Thursday, June 24, 2010

I don't have to possess her, to love her.

I remember like it was yesterday the afternoon when my wife and I--with our four year old and eight year old--stepped away from the embraces of family and other loved ones who were as close as family, and began our journey to live beyond the sea. Arriving at our apartment in Kyiv, Ukraine, we quickly took a vital tool out of it's box. It was a clunky, early edition FAX machine.

Not many years before that, snail mail was the only communication option besides hyper-priced overseas telephone calls. We were thrilled that we could place a freshly typed letter onto the moving wheel, and watch the machine swallow it. And to know that simultaneously, in my childhood home on the other side of the world, a copy would roll out for my mother (or into other homes of friends from our first and current church) to read and share. Hi tech it was indeed.

Just now I arrived home from a hospital visit in Indianapolis. My wife glowed a smile as she told me of her conversation with our exchange student daughter who had safely arrived home. I sat on our couch, punched up our skype program and dialed. Soon I was looking face to face with this dear girl. Her beautiful sister and mother looked on and shared our greetings. Shamelessly we shared "I love you's."

Funny, I thought, I'm not sure we ever spoke these words before our airport separation. But they are real and true now, and we all know it.

My weeping has stopped (for the most part). I am content that she is with her family. She is safe and well. I don't have to possess her, in order to love her. Probably some wisdom in that line for all of us.

Tuesday, June 22, 2010

"Exchange" Daughter and The Pains of Love

I have often been afforded the agonizing honor of sharing in the last hours of a person's life. I've written about these moments before, but my grief this morning is of a different nature.

Just an hour ago, my wife and I left behind our "daughter for a year" at the airport. I haven't sobbed so much since a dear friend died a few years back. My heart is crushed. Making her scrambled eggs one last time, carrying her luggage to the car, and driving her down the hill (as I did so many mornings on the way to school or one of the many activities she was involved in) carried such a sense of finality. She is ours no longer.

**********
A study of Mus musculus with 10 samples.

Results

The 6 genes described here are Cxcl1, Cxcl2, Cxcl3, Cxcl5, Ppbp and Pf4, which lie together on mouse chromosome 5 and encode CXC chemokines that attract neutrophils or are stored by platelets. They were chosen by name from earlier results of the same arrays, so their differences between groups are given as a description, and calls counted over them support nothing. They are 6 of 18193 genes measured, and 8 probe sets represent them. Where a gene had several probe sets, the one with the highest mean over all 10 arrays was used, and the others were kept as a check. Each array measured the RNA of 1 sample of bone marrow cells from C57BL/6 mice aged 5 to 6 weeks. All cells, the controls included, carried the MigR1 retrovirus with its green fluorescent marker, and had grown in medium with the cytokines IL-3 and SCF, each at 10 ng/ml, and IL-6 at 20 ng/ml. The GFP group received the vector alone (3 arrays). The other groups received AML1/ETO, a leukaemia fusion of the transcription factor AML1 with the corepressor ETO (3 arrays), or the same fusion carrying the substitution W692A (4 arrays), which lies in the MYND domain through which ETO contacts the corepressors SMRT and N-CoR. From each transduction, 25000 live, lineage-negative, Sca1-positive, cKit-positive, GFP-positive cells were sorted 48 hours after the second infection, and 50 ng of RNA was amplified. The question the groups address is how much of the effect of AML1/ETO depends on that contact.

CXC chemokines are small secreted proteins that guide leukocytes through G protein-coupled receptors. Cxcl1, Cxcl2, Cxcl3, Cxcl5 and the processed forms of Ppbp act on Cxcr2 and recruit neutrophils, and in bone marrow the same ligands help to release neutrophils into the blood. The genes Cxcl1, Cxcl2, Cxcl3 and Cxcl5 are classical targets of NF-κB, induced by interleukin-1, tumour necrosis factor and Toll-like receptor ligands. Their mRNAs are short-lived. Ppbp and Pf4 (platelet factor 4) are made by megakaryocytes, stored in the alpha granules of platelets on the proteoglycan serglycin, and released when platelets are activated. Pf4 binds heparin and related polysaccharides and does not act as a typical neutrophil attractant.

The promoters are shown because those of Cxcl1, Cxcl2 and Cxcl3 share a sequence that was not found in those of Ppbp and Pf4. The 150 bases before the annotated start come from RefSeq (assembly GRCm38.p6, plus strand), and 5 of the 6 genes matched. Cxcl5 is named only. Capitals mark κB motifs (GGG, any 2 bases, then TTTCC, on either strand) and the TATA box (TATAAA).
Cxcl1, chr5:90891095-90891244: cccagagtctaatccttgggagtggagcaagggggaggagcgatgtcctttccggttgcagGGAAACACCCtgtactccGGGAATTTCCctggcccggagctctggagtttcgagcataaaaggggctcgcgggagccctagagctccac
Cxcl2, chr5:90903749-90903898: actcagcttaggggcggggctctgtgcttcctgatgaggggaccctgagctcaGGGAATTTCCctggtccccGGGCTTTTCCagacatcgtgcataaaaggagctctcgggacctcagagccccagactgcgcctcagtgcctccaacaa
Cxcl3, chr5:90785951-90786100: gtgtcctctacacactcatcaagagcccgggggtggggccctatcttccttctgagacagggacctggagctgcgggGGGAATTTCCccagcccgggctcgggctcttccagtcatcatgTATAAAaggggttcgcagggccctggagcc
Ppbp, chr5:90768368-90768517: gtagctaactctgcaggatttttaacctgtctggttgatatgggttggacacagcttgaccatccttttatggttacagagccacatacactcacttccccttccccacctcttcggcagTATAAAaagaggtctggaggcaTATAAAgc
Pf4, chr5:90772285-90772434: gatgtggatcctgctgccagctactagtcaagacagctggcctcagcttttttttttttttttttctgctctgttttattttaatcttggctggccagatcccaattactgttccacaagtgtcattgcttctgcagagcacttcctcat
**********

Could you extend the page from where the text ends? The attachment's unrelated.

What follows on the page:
I remember the first week she was here I introduced her to someone as my "daughter for the year." She looked me in the eyes with her determined gaze and responded, "I will be your daughter forever."

No, I am not her father, and she has a wonderful man she calls Dad waiting to welcome her home. And no, she is not my blood daughter. I have one of those that I treasure beyond what any words can say. But as I sobbed my good-byes this morning--as I let go of her at the airport security line--my heart broke as I never thought it could.

Koba Sivsivadze, oo vas yest chudesnee dochka! (You have a wonderful daughter!) But it has been my honor to care for her for the past year. Thank you for trusting our family to watch over her. She will change her world in everything she does, as she has changed ours in this little town in Indiana.

And I hope you don't mind me saying, while understanding my lesser role, Gvantsa will also be my daughter, forever.

Wednesday, June 2, 2010

A divided Church, purity or pride?

We hear a great deal about sustainability these days. More and more, I find myself questioning the sustainability of the Western church's trajectory.

Can we churches continue to split-hairs and divide ourselves one from another in order to distinguish ourselves as the most Jesus-like or the coolest? How long can we compete with one another on the grounds of having "better worship," "stronger teaching" or "purer doctrine?" Must we--like a centrifuge--continually throw to the fringes everything that cannot cling to some enigmatic standard or another? Must we purify ourselves of other sincere Christ seekers and followers?

Is this sustainable? Are we all straining at gnats and swallowing camels (insisting on our own peculiar standards, and ignoring Christ's call for unity)? Surely this is not what Jesus meant by, "I pray that they may one..." Is it not time for humility and unity?

We have developed rules to follow and items to believe which define for us the true followers. So who is it that has the best set of beliefs? Are all the rest of us lost?

Thank God, Jesus did not lift the standard so high when asking disciples to follow him. "Follow me" was all he required. His followers didn't even believe he was the Messiah at first! (And then only when God's Spirit revealed it--not a clever emotional sermon followed by a "sinner's prayer.")

I'd guess on judgment day he'll trash most of us and welcome the wise few?

No? You don't believe that?

Question: Then why not swallow our pride and unite with others who are on this journey of following the ONE?

Answer: Because Jesus alone isn't enough for us anymore. And that being true, beneath what banner could we possibly agree to bow?